At the end of May 2013, I started a $1,000 investment account with Lending Club and I’ll be updating you on the progress on a regular basis. This is not my only investment with Lending Club, but I want to create a publicly tracked portfolio and share lessons that I learned with you. Note that I only start to do peer-to-peer lending again, now that I have a well-funded retirement account and some extra money to invest.
As of 12/1/2013, about 6 months after the original investment date, the total portfolio value after adjusting for charged-off loans and late loans is $1,021 — this represents 2.1% gain, or 4% APY. This is a big drop from the initial expectation, mostly due to poor result from the Trading Account experiment as I elaborated last month.
If you don’t know what Lending Club is, it’s an online platform that allows people to come together and either lend or borrow money. As an investor, you can lend out as little as $25 per loan to different borrowers; and as a borrower, you can borrow up to $35,000 from the platform. For more information visit Lending Club and check out these articles:
I already have a Lending Club account, so it was an easy process for me to deposit $1,000 into the account. The deposit does take a few days to show up in my LC account (this is something they can certainly improve upon). Anyway, once the fund was available, I just use their Build a Portfolio tool (just click “Invest”).
On this page, I was presented with 3 options:
I made a few adjustments to the recommended portfolio just so that I can see how the rate changes:
At the end, my Build a Portfolio page looks something like this:
I completed the process and saved the portfolio as 2013 Portfolio A. One thing you will realized quickly is that not all loans will be funded, so you will have to go through this process a few times to invest all of your money.
This is what my initial order looked like when I placed the initial order:
After several attempts to get the portfolio fully invested, this is what it currently looks like:
I don’t expect the investment to yield 16.70% based on the Weighted Average Rate above because some loans will default (e.g., the borrower stop paying altogether). I think I’ll be happy with a rate of return around 6-9% and thrilled if I ended up with anything higher than 9%. I will update this article about a month from now.
As of 11/6/2013, about 5 months after the original investment date, the total portfolio value is $1,107 — this represents 11% gain, or 26% APY.
At this point, I have to admit that my Trading Account investments are not working out. 4 out of the 6 notes purchased through the trading platform are late and most likely will be a total loss. Excluding these 4 notes, plus the one defaulting note from my regular portfolio, the adjusted portfolio value is $1,030 — this represents 3% gain, or 7% APY.
This is not quite the result I was hoping for.
As of 9/28/2013, about 4 months after the original investment date, the total portfolio value is $1,105 — this represents 11% gain, or 30% APY.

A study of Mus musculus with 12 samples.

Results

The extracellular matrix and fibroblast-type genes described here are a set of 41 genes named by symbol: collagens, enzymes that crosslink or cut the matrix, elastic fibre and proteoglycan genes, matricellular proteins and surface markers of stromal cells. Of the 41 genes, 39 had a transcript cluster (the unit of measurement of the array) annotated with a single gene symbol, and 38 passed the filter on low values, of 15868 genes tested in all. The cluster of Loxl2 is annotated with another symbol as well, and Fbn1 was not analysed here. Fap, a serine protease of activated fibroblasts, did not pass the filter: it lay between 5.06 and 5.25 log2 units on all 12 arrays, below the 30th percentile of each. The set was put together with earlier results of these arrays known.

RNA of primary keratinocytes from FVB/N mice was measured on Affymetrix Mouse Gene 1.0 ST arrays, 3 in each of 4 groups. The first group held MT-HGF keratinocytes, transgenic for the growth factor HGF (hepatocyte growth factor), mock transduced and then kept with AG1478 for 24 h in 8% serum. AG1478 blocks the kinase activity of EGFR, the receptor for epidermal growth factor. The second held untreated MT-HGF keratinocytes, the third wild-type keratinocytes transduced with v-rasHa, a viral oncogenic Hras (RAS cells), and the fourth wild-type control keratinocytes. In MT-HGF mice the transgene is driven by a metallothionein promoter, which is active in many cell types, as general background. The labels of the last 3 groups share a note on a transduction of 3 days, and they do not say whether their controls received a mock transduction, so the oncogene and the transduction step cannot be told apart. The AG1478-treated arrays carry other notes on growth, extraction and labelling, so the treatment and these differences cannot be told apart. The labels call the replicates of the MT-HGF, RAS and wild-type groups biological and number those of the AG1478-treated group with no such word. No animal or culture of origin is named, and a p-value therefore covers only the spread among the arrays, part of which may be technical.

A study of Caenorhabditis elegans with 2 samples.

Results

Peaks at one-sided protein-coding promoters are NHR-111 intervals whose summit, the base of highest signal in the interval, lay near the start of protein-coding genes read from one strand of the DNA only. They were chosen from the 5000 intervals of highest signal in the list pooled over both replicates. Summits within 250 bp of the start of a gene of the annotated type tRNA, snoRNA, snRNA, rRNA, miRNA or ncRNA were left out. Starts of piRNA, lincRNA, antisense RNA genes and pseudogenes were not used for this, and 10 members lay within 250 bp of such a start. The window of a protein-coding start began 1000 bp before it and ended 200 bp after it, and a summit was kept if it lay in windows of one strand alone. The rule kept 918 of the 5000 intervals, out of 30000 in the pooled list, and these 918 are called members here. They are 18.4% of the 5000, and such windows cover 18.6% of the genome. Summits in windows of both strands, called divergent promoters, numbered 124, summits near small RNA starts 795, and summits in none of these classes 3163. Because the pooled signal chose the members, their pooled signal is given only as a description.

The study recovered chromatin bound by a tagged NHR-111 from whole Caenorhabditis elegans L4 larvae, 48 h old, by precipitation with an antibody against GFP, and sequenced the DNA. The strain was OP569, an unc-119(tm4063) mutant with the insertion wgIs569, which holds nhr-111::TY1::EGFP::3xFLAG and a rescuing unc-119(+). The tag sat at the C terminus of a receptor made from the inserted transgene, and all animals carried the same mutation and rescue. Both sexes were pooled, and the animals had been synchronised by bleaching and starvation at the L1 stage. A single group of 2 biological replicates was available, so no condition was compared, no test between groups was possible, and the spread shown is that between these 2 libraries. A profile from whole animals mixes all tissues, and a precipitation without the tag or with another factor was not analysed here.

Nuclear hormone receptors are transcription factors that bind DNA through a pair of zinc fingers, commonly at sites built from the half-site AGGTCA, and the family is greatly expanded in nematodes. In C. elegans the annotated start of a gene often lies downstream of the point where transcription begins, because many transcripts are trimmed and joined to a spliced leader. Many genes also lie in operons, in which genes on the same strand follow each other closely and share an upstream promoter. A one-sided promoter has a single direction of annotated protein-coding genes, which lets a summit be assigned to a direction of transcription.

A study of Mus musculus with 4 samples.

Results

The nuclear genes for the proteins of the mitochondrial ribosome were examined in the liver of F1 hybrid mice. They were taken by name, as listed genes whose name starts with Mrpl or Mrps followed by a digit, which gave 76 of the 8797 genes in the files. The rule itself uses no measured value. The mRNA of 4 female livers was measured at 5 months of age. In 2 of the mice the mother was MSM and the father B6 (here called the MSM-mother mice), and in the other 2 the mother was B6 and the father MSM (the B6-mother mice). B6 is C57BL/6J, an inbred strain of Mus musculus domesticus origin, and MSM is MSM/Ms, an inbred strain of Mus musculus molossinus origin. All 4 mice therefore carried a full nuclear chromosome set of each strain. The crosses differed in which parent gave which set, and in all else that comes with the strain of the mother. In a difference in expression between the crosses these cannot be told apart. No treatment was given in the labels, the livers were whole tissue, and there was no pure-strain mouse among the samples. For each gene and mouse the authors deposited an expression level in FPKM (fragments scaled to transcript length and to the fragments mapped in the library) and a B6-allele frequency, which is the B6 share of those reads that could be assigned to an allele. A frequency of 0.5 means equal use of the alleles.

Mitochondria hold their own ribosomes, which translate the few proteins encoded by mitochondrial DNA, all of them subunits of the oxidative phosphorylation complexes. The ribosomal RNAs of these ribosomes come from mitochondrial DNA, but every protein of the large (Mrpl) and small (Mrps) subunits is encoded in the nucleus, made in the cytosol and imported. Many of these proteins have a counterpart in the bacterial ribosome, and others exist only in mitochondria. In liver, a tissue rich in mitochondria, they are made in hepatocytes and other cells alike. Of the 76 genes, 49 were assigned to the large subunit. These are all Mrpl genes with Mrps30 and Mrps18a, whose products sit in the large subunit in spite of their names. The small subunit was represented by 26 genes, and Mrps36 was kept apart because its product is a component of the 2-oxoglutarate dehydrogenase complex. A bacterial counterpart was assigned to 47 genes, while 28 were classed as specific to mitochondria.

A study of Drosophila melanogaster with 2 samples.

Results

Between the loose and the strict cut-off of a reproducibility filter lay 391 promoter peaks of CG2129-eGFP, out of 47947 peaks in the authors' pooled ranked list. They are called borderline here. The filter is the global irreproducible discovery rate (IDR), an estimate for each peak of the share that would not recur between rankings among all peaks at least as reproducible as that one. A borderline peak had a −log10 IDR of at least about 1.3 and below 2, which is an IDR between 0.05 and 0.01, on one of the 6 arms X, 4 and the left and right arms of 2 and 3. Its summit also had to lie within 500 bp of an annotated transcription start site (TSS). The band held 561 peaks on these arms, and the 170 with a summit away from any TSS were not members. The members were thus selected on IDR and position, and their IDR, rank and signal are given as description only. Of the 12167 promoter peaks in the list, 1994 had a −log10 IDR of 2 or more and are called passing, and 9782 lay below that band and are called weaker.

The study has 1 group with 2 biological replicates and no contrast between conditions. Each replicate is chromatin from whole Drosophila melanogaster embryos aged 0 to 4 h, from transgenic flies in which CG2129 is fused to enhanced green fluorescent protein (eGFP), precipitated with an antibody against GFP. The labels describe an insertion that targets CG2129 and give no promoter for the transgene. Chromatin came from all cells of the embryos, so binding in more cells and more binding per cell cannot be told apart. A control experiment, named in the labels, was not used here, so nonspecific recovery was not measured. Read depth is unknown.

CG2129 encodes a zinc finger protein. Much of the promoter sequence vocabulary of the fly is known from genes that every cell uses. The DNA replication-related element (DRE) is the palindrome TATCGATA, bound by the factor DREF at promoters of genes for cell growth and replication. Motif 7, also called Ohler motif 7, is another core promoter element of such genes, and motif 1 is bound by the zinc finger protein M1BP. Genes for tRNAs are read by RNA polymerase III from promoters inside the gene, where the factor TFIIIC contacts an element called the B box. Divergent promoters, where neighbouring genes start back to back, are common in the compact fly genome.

Unfortunately, there is a problem brewing.
Discounting the bad notes, we are potentially looking at $70 loss, which means the we are more realistically looking at 3% gain over the past 4 months, which annualized to about 10%.
As of 8/30/2013, about 3 months after the original investment date, the total portfolio value is $1,062 — this represents 6.2% gain, or 24.9% APY.
The late D1 loan from last month is now 31-120 days late. As a result, I signed up for a Trading Account at FOLIOfn and I am trying to sell the loan for $9.99 (no one want to buy it yet). I also decided to buy some loans through FOLIOfn, I bought 4 late loans for $53.56 and 2 are already paying again. If this strategy works out, I can get a much higher yield by buying carefully selected loans from FOLIOfn at a deep discount. Lastly, I have one B4 loan that already paid back in full so that freed up some money for investing.
As of 7/28/2013, about 2 months after the original investment date, I received $20.42 in interest payment on my initial $1,000 investment, and $22.26 in principal was repaid. This allowed me to reinvest and buy another $25 loan and there are now 41 loans in my portfolio.
Also, there’s currently one D1 loan in grace period (the first step toward a loan default). A default means I would lose any loan amount not repaid, and any potential interest I expect to earn from that loan.
At this point, we are looking at about a 2.04% gain, which annualized to approximately 12.25%. I still have two loans that are still in review, so the rate of return may increase slightly once all the loans are fully invested.
As of 6/28/2013, about a month after the original investment date, I received $9.24 in interest payment on my $1,000 investment. This is about a 0.92% gain, which annualized to approximately 11.09%. The rate of return may increase slightly once all the loans are fully invested; however, it could also decrease as a result of loan defaults (which should be expected with this type of investment).
Until then, please share your thoughts in the comment section below.